Is it suggested to swap between sorting algorithms? Merge sort certainly performs better on large input size however Insertion sort performs better on small input size

Analysis based on there graph comparison of running time of Insertion sort and merge sort

How often people swap the algorithms they are using? For example sorting problem of size 100K with merge sort and then switching to insertion sort when problem size reached to 500 input size?

Is is advisable to follow such techniques? For small input size the constants(c) does matter and insertion sort having small constant size than merge sort will certainly perform better. I guess


2 Answers 2


People don't usually program their own sorting routines, and I would advise against it, unless you're implementing a non-comparison-based sort such as counting sort. Library sorting routines are optimized beyond what the casual programmer can achieve.

If you're interested in the best practices of the field, you'll have to look at library sorting routines. For example, python uses Timsort, which switches to insertion sort for small arrays. The GNU implementation of Quicksort also switches to insertion sort for small arrays. So it seems switching to insertion sort for small arrays is indeed advisable.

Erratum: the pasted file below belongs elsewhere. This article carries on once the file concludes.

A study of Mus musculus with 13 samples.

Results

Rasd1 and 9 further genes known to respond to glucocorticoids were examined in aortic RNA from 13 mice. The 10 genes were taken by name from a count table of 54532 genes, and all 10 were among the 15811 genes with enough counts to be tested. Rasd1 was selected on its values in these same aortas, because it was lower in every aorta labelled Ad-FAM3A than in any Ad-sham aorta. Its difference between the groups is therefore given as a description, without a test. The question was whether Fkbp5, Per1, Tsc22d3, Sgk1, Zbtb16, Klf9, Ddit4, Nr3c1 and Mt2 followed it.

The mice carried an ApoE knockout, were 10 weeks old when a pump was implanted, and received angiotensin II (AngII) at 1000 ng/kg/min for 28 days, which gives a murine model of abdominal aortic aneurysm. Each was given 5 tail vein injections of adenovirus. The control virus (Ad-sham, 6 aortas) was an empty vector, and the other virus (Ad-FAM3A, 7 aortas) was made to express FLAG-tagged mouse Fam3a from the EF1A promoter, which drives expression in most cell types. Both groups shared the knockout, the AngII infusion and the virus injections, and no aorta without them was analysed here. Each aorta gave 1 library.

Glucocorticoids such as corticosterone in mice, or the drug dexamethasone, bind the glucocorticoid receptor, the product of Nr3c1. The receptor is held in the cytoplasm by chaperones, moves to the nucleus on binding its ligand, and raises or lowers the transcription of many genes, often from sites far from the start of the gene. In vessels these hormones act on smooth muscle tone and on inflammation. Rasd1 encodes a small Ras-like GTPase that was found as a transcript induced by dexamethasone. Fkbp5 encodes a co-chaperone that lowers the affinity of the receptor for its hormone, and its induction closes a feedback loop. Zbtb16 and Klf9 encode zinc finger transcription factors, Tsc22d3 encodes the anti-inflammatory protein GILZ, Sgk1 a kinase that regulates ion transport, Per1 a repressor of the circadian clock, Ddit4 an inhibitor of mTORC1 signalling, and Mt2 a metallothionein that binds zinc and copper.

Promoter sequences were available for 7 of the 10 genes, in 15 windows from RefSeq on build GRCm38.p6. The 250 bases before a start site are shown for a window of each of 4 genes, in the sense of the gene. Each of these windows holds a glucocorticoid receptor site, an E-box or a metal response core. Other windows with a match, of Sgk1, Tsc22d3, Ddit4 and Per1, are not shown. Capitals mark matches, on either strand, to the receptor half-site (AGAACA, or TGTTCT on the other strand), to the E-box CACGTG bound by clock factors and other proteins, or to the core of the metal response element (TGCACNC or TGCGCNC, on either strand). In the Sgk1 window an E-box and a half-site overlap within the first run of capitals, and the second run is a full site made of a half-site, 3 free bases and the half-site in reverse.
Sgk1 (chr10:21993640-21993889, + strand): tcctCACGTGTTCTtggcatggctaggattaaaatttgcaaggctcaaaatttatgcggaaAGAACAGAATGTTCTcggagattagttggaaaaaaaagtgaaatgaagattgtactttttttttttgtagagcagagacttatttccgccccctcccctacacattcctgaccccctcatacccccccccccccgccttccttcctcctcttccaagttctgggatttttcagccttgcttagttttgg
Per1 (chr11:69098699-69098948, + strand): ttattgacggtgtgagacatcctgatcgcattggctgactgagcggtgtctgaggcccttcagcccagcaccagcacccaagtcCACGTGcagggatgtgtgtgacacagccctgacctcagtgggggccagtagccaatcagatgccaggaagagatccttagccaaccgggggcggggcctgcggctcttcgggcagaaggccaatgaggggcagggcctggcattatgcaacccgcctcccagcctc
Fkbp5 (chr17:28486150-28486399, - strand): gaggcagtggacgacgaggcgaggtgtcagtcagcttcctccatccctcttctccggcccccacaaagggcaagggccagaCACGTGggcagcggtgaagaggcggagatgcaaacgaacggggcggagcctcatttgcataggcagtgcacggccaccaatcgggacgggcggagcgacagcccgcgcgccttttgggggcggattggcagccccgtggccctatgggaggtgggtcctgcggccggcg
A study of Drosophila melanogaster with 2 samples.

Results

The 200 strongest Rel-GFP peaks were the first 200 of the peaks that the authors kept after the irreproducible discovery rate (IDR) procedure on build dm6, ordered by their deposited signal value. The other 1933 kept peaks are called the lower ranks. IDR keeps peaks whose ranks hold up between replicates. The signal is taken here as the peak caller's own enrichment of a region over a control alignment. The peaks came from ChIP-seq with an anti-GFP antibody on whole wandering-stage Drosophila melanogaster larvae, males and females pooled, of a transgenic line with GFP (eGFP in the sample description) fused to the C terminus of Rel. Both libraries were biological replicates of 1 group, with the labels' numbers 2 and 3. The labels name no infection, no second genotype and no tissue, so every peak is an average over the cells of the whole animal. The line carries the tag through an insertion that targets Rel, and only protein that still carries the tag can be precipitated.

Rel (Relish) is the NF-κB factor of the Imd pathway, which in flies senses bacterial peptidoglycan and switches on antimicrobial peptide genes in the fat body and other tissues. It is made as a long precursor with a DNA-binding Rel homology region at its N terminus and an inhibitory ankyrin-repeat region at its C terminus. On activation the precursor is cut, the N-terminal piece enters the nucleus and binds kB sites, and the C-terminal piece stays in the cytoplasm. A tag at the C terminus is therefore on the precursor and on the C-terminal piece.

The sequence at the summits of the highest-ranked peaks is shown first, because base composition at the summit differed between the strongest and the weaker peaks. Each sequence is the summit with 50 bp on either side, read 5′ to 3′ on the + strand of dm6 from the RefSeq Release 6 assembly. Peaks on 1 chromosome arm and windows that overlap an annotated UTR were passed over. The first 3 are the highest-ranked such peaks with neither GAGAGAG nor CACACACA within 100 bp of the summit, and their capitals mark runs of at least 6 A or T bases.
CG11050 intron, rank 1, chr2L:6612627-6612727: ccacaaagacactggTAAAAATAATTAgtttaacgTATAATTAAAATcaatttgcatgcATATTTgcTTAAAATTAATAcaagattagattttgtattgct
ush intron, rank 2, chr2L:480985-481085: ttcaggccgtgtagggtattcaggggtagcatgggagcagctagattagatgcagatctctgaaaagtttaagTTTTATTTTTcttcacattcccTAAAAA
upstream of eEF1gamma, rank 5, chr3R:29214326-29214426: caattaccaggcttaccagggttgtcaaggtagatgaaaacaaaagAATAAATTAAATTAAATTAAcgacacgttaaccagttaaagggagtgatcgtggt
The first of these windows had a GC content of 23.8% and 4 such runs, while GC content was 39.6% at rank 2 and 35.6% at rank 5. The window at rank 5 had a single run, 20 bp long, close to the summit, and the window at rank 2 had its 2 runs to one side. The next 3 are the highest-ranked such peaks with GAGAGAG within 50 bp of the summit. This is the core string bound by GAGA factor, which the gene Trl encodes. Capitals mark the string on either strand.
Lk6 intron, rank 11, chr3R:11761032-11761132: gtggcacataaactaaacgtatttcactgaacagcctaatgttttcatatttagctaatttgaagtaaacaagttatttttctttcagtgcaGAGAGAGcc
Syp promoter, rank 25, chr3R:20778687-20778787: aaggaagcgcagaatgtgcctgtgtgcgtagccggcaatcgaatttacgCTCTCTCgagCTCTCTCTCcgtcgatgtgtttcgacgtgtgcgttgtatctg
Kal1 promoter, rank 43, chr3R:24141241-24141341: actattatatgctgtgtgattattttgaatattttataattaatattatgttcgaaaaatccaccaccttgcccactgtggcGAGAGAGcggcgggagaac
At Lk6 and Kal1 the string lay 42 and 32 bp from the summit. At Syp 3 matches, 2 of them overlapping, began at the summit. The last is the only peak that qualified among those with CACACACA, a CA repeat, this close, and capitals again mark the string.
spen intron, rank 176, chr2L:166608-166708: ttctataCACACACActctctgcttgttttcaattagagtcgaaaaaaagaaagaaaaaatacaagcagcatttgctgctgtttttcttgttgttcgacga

Insertion sort is quadratic. You would never, ever consider doing insertion sort for 500 input items. Not even 50.

You can only ever discuss this matter with an actual implementation on an actual machine. So Big-O is totally irrelevant. You don't get to the stage where it is relevant. The average time to sort n items using insertion sort on a particular machine with a particular implementation with particular data, and a given cost of moving data, and a given cost of comparing data, is an interesting function. It can have big jumps, for example 4 items might take a lot less time than five and six takes the same time again. So what you do is this: For k = 1, 2, 3 etc. you implement your "switching sort": If you have more than k items then you split the data into say 3 streams that you first sort then merge, and if you have k or fewer items than you sort them with insertion sort. And then you measure how long it takes to sort 100,000 items are whatever is an interesting number, with different values of k. And you measure this, check how the time needed changes with k, and pick the best k. Be careful: If you sort 100,000 items, with merge sort splitting the data into 3, you will only ever decide for n = 33,333, n = 11,111, n = 3,703, n = 1,234, n = 411, n = 137, n = 45, n = 15, n = 5, n = 1 or 2. So be careful.

And check with different data. Don't compare integers, but real world data. For example, if you compare names, then comparing "Smith, James" and "Abraham, John" makes the decision fast, after one character. Comparing "Smith-Johnson, Abraham" and "Smith-Johnson, Abigail" takes much longer. Now compare merge sort and quick sort. Will they pass different data to your insertion sort? Absolutely. Merge sort passes consecutive data from the unsorted array. Quicksort passes data that is almost in the correct place. So "insertion sort for merge sort" can afford to do some unnecessary comparisons that "insertion sort for quick sort" can't afford.